Green Business and the Importance of Reflexive Law: What Michael Porter Didn't Say
In recent years many firms have begun to pursue “green business,” defined as company actions that enhance both the firm’s environmental performance and its competitiveness. This Article describes the green business phenomenon and offers a new theory as to how environmental law and policy can promote it.
In the 1990’s, Harvard Business School Professor Michael Porter developed the leading view on how regulation can foster green business. Professor Porter argued that traditional regulatory standards, which push companies to adopt specific pollution control technologies, deter green innovation and so are “bad.” In contrast, outcome-based standards, which specify the environmental result but let companies figure out how to get there, encourage such innovation and are “good.” Professor Porter’s regulatory theory holds that, in order to promote green business, we should substitute outcome-based rules for technology-based standards, good regulation for bad. This has become the accepted wisdom in the field.
Yet Professor Porter’s thesis is seriously incomplete. As this Article shows, outcome-based regulations will not work to promote many of the most important green business activities that firms engage in today. Instead, the transaction costs involved in setting an appropriate outcome-based target and in measuring and monitoring the environmental results, make outcome-based standards an ineffective tool for promoting all but a relatively small subset of green business practices. While Professor Porter has made an extremely valuable contribution to the literature on how regulation can promote green business, his theory is deficient.
“Reflexive law” can fill the gap. First propounded by German social theorist Gunther Teubner, reflexive law consists of those laws and policies that promote industry self-regulation. For example, a law that required firms to disclose publicly their toxic emissions, and so encouraged them to reduce this pollution, would qualify as a reflexive law. It would neither push firms to adopt particular control technologies (as traditional, technology-based regulation does) nor mandate specific environmental results (as outcome-based regulation does). Instead, it would use information disclosure to get firms to self-regulate in order to improve their environmental performance. This Article argues that information disclosure rules and other reflexive laws can foster the very types of green business activities that outcome-based regulations are ill-suited to address. Reflexive law completes Professor Porter’s theory.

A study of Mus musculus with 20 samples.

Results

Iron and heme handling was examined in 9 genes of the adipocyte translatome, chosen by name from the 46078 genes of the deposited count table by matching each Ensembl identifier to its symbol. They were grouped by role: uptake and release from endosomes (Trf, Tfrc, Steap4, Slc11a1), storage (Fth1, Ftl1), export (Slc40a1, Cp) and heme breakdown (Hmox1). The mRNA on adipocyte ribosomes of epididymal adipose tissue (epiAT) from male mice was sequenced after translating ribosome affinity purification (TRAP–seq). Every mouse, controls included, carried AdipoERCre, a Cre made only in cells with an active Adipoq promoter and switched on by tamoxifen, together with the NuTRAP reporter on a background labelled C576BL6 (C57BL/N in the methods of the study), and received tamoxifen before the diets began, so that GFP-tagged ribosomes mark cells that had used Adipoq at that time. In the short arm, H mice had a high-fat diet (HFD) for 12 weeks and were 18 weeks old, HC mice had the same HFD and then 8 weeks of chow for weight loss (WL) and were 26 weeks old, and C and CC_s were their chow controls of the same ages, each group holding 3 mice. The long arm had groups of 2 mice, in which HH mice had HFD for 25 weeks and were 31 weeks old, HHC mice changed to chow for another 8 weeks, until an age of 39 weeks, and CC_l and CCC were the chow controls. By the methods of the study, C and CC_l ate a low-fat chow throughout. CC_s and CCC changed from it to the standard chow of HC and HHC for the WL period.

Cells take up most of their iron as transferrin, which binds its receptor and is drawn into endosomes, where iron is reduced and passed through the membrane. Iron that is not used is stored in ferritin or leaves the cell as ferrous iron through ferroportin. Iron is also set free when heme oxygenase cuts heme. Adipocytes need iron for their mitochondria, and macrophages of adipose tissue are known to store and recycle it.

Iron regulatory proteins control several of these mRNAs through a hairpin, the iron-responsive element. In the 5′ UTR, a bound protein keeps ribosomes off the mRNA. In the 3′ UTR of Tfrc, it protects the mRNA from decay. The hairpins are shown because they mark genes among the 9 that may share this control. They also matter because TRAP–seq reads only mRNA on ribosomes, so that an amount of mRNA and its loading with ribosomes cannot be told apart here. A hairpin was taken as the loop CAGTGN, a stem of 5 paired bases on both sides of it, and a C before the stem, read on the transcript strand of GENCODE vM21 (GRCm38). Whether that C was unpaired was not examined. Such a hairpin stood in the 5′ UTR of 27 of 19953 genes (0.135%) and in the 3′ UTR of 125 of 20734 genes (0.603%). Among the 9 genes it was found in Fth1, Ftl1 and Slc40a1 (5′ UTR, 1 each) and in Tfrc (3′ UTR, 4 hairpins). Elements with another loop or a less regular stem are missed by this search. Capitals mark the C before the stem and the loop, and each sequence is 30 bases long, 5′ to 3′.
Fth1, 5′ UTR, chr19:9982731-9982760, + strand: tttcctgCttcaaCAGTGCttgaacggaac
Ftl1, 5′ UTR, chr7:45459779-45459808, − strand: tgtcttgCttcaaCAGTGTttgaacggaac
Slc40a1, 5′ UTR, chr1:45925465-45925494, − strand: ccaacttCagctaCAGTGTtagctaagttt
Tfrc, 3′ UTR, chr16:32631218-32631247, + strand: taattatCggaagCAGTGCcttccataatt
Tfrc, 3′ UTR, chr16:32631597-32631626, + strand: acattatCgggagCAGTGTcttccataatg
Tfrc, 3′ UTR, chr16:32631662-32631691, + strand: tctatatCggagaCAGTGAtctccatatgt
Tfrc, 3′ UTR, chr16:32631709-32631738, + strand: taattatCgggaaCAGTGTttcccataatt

This Article begins by describing what firms do when they “go green” and what motivates them to undertake this effort. The Article then evaluates whether the market, technology-based standards, and outcome-based regulations can promote green business. It shows that while each of these has an important role to play, each is ultimately insufficient. It argues that reflexive law is an essential addition to these other mechanisms and that the best strategy is one that combines all four approaches while remaining sensitive to the strengths and weaknesses of each.